Hi @vellah ,
Don't know your headphones but perhaps the wire is a "sense' wire to tell the control board to switch the battery over from supplying the headphones to being charged instead or something similar.
As there is a different cable to connect the transmitter base to a computer than to connect to the headphones for charging, it may be like when you have to use an OTG cable in Android. This "tells" a device like a phone (or tablet) to supply power to the port, e.g. when inserting a USB flashdrive, rather than to receive power from the port.e.g. when connecting to a PC. This is done by supplying a permanent -ve signal (eth or ground) on a sense wire connected to the port. Long way of saying it tells the control board to act differently.
If you can, with the "charge cable" plugged into the breakout pcb but not connected to anything, use an Ohmmeter to test if there is a connection between the "ID" connection and ground (USB -ve) on the breakout pcb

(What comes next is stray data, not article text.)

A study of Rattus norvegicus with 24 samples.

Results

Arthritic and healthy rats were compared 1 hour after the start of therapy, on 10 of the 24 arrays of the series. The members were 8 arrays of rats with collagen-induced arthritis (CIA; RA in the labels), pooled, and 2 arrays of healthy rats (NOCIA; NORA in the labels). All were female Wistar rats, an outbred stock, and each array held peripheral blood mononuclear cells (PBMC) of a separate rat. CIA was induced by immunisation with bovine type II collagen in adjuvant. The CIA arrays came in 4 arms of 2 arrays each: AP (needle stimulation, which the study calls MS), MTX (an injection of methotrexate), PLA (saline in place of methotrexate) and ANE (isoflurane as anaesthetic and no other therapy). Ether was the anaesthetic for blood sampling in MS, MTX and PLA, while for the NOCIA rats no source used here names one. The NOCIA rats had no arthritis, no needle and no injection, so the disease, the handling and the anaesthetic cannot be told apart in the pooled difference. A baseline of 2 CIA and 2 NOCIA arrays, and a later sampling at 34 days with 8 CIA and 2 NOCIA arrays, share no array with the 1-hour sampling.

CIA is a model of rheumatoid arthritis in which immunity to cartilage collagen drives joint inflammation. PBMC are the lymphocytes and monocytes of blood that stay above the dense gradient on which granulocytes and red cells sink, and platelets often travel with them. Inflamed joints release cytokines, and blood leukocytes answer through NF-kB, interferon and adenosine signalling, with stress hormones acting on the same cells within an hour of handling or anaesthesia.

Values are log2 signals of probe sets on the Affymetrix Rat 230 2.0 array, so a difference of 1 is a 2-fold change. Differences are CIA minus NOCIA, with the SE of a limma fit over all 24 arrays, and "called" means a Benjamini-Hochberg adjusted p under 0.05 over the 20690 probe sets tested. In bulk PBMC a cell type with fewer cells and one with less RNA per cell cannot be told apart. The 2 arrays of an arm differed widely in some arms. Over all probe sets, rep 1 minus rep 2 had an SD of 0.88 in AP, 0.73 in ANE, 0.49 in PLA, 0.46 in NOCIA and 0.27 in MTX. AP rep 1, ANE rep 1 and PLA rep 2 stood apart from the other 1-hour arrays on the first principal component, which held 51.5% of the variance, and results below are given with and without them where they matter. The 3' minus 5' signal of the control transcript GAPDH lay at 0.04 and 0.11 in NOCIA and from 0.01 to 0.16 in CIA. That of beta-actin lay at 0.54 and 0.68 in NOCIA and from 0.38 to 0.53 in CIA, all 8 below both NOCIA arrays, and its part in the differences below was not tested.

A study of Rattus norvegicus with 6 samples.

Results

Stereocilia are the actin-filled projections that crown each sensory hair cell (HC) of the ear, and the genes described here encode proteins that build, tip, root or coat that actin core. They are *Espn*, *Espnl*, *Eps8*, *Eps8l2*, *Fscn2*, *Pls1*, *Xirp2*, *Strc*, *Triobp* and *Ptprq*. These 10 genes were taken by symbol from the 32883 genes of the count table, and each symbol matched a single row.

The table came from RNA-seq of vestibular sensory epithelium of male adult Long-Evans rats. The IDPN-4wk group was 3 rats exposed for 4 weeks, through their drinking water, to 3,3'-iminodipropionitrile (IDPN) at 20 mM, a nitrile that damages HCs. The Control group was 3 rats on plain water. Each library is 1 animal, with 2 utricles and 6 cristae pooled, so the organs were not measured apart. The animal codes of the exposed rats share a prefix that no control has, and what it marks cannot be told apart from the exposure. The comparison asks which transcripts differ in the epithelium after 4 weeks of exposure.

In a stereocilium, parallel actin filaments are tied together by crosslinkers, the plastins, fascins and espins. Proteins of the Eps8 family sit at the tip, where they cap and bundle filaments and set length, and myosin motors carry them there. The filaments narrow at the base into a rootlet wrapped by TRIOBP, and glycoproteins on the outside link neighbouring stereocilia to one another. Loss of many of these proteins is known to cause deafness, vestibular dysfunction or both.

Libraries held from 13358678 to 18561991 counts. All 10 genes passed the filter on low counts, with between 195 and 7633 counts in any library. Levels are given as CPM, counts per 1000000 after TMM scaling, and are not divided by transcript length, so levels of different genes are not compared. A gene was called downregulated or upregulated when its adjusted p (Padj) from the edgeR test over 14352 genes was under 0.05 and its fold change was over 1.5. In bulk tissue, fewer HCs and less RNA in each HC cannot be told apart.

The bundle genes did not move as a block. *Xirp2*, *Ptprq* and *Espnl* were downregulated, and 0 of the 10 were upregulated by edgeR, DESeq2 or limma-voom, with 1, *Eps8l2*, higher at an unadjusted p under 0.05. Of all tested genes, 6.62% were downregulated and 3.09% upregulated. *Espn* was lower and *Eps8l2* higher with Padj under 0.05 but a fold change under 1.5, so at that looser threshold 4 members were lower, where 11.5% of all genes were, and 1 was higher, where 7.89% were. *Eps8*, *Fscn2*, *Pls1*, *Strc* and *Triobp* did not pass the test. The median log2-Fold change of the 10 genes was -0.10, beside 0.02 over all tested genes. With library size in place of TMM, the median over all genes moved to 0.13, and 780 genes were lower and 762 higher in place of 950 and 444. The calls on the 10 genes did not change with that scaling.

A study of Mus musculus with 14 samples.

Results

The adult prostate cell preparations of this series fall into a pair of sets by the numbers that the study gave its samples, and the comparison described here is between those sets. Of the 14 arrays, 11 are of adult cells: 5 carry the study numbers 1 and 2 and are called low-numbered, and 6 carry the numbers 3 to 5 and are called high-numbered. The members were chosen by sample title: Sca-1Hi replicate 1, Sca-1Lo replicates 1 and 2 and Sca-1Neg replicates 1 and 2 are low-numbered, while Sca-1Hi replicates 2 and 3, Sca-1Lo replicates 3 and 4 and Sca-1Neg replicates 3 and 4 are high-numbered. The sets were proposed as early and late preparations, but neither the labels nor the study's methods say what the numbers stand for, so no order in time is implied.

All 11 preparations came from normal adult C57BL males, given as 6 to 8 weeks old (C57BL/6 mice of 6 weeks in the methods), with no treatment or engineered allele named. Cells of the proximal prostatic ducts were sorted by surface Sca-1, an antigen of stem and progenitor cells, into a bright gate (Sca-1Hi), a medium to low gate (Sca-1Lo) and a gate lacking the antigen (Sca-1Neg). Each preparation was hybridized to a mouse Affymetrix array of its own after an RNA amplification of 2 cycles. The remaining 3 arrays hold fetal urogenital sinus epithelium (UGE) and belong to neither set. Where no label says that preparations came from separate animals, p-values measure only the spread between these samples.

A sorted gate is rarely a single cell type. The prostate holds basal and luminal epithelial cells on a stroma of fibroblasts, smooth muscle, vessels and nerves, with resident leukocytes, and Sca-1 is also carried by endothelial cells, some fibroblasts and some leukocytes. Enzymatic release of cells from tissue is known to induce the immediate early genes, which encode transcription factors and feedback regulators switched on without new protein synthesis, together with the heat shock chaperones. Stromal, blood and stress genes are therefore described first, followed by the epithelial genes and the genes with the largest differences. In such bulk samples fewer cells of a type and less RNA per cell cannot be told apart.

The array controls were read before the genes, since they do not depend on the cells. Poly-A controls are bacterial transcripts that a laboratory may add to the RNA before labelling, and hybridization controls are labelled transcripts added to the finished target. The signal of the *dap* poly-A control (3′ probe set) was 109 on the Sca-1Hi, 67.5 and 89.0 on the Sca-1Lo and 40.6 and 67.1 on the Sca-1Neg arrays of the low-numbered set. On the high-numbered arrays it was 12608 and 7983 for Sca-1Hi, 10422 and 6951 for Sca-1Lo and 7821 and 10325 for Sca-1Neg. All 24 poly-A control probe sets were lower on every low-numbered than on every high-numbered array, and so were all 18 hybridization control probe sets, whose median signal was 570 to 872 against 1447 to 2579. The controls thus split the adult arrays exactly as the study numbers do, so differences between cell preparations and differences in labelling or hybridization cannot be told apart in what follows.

If there is then it means that when you insert the cable it puts a -ve (or earth - ground) signal on the ID or "sense" lead. In your case you would think that you'd have to connect the yellow wire to the "ID" connection in the breakout pcb.
If you connect the yellow wire to the ID connection you could also check what voltage, if any, there is between pins Vcc and Ground on the breakout pcb when you connect a s/c between ID and ground (or plug in the micro USB end only of the charge cable if it has a s/c between pins 4 & 5) and when you don't have anything plugged into the port or a s/c between pins 4 & 5
As I said I don't know your headphones but can they still be used if you are charging the battery? If not perhaps it is a signal to turn off the bluetooth to allow the battery to charge
This is all conjecture on my part so apologies if it is totally wrong.